Kunqu is China's oldest and one of its most influential theatrical traditions. It is performed in many areas of the country. A Kunqu play usually consists of more than 24 scenes - accompanied by arias - with a complex plot and subplots involving human or supernatural elements. The performance usually features 12 actors who employ gestures, pantomime, mock combat and acrobatics, as well as stylized dancing and singing. A small ensemble of wind and string instruments, and percussion instruments accompany the singing and stage action.

Legacies of the Kunqu theatre are librettos from the Ming and Qing periods (1644-1911). When the People's Republic of China was established in 1949, the government set up training academies for traditional theatres, as well as research institutes on traditional music and theatre. The Cultural Revolution (1966-76) suppressed these measures, and in the early 1980s, the Ministry of Culture called on all surviving Kunqu actors, as well as actors from other traditional theatres, to resume their acting careers. New actors were also recruited and trained.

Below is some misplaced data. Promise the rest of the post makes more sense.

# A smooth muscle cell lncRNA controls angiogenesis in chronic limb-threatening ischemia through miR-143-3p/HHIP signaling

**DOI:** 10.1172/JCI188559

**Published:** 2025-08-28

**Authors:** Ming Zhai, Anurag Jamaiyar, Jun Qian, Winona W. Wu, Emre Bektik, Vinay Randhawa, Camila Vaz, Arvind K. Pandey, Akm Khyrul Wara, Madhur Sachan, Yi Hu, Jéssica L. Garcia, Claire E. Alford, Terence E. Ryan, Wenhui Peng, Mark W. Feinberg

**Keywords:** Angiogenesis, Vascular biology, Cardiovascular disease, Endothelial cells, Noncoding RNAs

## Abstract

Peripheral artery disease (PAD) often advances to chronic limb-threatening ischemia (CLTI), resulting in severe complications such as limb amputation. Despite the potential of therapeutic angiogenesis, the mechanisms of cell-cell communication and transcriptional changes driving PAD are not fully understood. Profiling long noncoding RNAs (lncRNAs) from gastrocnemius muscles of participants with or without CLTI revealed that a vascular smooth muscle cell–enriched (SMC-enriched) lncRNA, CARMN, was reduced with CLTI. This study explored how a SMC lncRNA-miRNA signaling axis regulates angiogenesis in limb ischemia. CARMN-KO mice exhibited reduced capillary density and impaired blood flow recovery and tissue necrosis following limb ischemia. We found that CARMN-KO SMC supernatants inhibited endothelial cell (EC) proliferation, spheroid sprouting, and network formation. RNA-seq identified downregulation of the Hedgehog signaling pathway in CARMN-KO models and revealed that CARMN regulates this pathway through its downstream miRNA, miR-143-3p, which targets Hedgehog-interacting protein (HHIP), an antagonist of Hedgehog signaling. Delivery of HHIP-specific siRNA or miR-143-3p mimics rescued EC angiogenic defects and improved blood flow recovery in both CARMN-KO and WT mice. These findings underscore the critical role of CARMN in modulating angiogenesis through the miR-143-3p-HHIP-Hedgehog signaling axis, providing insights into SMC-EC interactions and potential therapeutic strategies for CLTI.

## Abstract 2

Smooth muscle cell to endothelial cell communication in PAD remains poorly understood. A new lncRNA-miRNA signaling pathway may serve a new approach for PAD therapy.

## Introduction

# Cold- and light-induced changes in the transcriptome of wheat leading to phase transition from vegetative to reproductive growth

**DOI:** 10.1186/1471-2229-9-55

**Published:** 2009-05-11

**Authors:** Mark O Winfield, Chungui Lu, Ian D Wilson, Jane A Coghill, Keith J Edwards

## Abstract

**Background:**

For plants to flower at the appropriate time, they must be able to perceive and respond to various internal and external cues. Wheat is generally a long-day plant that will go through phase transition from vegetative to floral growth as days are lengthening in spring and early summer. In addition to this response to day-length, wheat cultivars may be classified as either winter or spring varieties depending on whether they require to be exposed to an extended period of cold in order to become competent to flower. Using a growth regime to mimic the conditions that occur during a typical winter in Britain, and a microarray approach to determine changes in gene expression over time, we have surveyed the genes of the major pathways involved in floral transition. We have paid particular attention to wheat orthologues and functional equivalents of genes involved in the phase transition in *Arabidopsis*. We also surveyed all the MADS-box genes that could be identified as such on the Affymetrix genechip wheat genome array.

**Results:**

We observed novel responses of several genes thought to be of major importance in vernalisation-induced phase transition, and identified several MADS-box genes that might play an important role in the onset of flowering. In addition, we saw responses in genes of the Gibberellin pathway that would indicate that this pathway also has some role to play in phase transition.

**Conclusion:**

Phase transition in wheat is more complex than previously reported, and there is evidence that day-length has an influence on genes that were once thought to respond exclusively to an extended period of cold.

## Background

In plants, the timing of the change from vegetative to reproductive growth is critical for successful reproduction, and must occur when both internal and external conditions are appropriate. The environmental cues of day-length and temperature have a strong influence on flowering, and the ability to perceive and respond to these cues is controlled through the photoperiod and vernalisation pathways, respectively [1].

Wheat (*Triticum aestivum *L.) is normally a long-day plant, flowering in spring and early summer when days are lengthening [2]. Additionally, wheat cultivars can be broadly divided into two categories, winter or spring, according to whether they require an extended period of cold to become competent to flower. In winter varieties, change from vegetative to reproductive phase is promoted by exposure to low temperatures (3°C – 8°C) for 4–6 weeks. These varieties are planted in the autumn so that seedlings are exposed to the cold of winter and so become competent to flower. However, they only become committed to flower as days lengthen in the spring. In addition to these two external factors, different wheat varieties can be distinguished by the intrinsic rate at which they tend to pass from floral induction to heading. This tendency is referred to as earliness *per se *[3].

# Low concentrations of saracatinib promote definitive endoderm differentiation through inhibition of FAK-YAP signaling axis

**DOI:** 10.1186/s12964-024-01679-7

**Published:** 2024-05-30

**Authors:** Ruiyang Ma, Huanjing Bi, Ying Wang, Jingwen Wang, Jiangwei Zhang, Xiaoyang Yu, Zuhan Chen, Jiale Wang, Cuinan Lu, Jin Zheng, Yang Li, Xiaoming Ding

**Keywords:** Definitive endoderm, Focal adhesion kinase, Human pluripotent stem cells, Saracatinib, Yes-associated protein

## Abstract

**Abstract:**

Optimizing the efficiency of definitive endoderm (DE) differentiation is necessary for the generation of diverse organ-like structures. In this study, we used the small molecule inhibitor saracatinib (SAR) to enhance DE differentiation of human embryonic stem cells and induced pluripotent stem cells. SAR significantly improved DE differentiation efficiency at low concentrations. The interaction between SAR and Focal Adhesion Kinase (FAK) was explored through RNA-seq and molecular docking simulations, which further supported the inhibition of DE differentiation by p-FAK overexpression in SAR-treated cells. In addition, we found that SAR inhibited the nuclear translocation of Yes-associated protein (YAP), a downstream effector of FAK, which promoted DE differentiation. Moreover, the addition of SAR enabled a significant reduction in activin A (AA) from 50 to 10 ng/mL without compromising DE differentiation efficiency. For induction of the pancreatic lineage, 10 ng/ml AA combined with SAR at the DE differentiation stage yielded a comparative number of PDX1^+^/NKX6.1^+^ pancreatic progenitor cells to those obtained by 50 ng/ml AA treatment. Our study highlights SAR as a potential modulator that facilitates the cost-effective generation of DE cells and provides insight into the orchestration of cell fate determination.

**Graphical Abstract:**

Threats: The lack of a consistent programme for Kunqu performances, which, since 1990, have only been staged sporadically.

Action plan: The Opera Research Institute envisages the collection and publication of scripts, photographs, and audio and video recordings of Kunqu performances. The government plans to support th e six existing Kunqu opera houses and the training of new performers, the revival of rarely performed operas, and the organization of festivals.